Intimate Conversation with Arnold Wolf
Arnold Wolf was born and raised in Brooklyn, New York (East New York/Brownsville to be exact) about half-a-century ago, but now makes his home in Queens, New York where he has lived with his family for about 14 years now. He is employed as a manager with the MTA in New York City. As well as writing, Mr. Wolf is an artist and photographer. As a writer he’s sold articles to Railway Age magazine, Homeland Defense Journal, and Reptile & Amphibian magazine; scripts to Archie and Personality Comics; and short stories to Neo-Opsis magazine, Lost Souls e-zine, and various Sci-Fi and/or horror newsletters and fanzines. Arnold Wolf considers as his major influences the people and places he's seen and interacted with in New York City over the years. As far as the writers that he feels that have influenced him the most, they are - in no particular order - Ernest Hemmingway, Robert E. Howard, Lawrence Sanders, Harry Turtledove, Isaac Asimov, and Stephen King.
Ella: Where are you from? How did you start your writing journey? I'm from Brooklyn, NY. I've always enjoyed reading and writing, my first published work being when I won a writing contest in D.C. Comics.
Ella: Arnold, introduce us to your book Chickenhawk. Tell us the Intimate Details.My novel is Chickenhawk; Genre-Crime Fiction; ISBN# 1-4241-7491-0. Synopsis: Eddie Ramos is a cop. He and his partner, Tommy Cucitti, are detectives in the elite squad known as Manhattan North Homicide. Eddie’s an old-fashioned kind of cop; heck, Eddie’s an old cop period. He’s a proud man; proud of being a cop, of having been a cop for a long time, and he’s proud that his marriage has survived the rigors of the job. All of these things, the things he’s proud of and considers important however are put to the test when young men and boys start winding up dead all over his town, young men and boys that share a common source of livelihood…they’re all prostitutes.
Eddie Ramos doesn’t like cell phones or computers; he trusts paperwork, procedure, and his instincts. He’s been married to his childhood sweetheart for 30 years, he’s a family man, a church-going Catholic, and he still carries the same 5-shot revolver they gave him when he graduated from the academy. Tommy Cucitti is younger, brasher, more of a hothead and usually in trouble. He knows computers and always carries his cell phone. He’s single and lives with his street-wise Armenian girlfriend; Daphne. Tommy and Eddie are two different kinds of men that are the same kind of cop; dedicated, hardworking and resourceful. They’re after a serial killer that manages to stay below their radar while the body count keeps climbing in a city that’s turning into a powder keg.
Theodore “Paki” Pakidorapopulos is a successful and well-known writer and columnist for a popular and respected New York City magazine. He has an impressive house in the trendy section of Eastern Long Island , a beautiful wife, two adorable children, and the respect and admiration of his family, friends, and fans. He also has a secret. He has sex with boys and young men.
Paki is one of hundreds, if not thousands, of seemingly happy and satisfied married men that nevertheless troll the streets of New York City searching for young men and boys to satisfy their sexual needs before going home to their unsuspecting wives. Paki, like the majority of these men, does not consider himself a homosexual and in fact he is well known for his conservative views and has regularly ridiculed gay causes in his column. He is of course discreet since this particular night-time activity may not sit well with his tony neighbors or the other members of the country club.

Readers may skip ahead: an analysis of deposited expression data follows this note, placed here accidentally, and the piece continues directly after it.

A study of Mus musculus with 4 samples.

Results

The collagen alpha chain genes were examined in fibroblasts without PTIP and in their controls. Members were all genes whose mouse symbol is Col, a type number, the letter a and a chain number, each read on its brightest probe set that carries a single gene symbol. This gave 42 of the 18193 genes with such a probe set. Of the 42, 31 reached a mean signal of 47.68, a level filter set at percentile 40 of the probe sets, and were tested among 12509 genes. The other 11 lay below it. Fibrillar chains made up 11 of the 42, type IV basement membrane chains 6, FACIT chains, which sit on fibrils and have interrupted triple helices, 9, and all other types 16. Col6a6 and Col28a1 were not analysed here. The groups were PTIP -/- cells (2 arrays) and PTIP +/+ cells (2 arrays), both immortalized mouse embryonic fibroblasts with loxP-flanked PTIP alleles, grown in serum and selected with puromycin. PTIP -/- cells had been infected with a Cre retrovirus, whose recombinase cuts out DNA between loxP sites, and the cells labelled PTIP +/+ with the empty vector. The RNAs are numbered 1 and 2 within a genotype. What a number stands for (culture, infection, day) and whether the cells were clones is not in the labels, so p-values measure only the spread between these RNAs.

Paki’s discreet and genteel life are threatened however when he becomes ill. He’s never felt so bad in his life and he suspects that he knows what it is. He fears that he has contracted the AIDS virus from one or more of the young men that he’s paid for sex. Paki never thought that he’d get sick. Now everything he’s worked for, everything he’s built will come crashing down around him in a wave of humiliation, mistrust, and accusation. Paki is incensed and he vows that if he is cursed to die so ignoble a death, then he will take those responsible for making him sick to the grave with him. Paki’s vow becomes a plan, the plan then becomes action, and people start to die.
Ella: Who are your two main characters and what do you like most about them? My main characters are Eddie Ramos and Tommy Cucitti... they're cops. I like the way they react to and with each other throughout the book.
Ella: What makes your book stand out and would entice a reader pick it up?My novel is very realistic. In fact a former producer from Forensic Files lauded my novel's realism in an email to me.
Ella: Ultimately, what do you want readers to gain from your book?I want them first and foremost to be entertained.
Ella: What is the most surprising thing you have learned in creating books?I learned how hard it is for a writer of color to get an agent interested in their work.
Ella: What would you say has been your most significant achievement as a writer? Finishing my novel; Chickenhawk.
Ella: What advice would you give a new writer?Write, just write, no matter what.
Ella: Would you change anything about your journey?Yes. I'd write more and more often.
Ella: Name 3 things that it takes to make a successful author, in your opinion?Lots of reading, writing, persistence and talent.
Ella: What can we expect from you in the future?More crime novels of course, but I'm also working on a fantasy novel, a couple of non-fiction books about terrorism, and some short stories in a variety of genres.
My website addresses:www.authorsden.com/arnoldwolf www.myspace.com/arnoldwolf
This is my book trailer on YouTube
Checkout my reading list on Goodreads - where you can see what your friends are reading.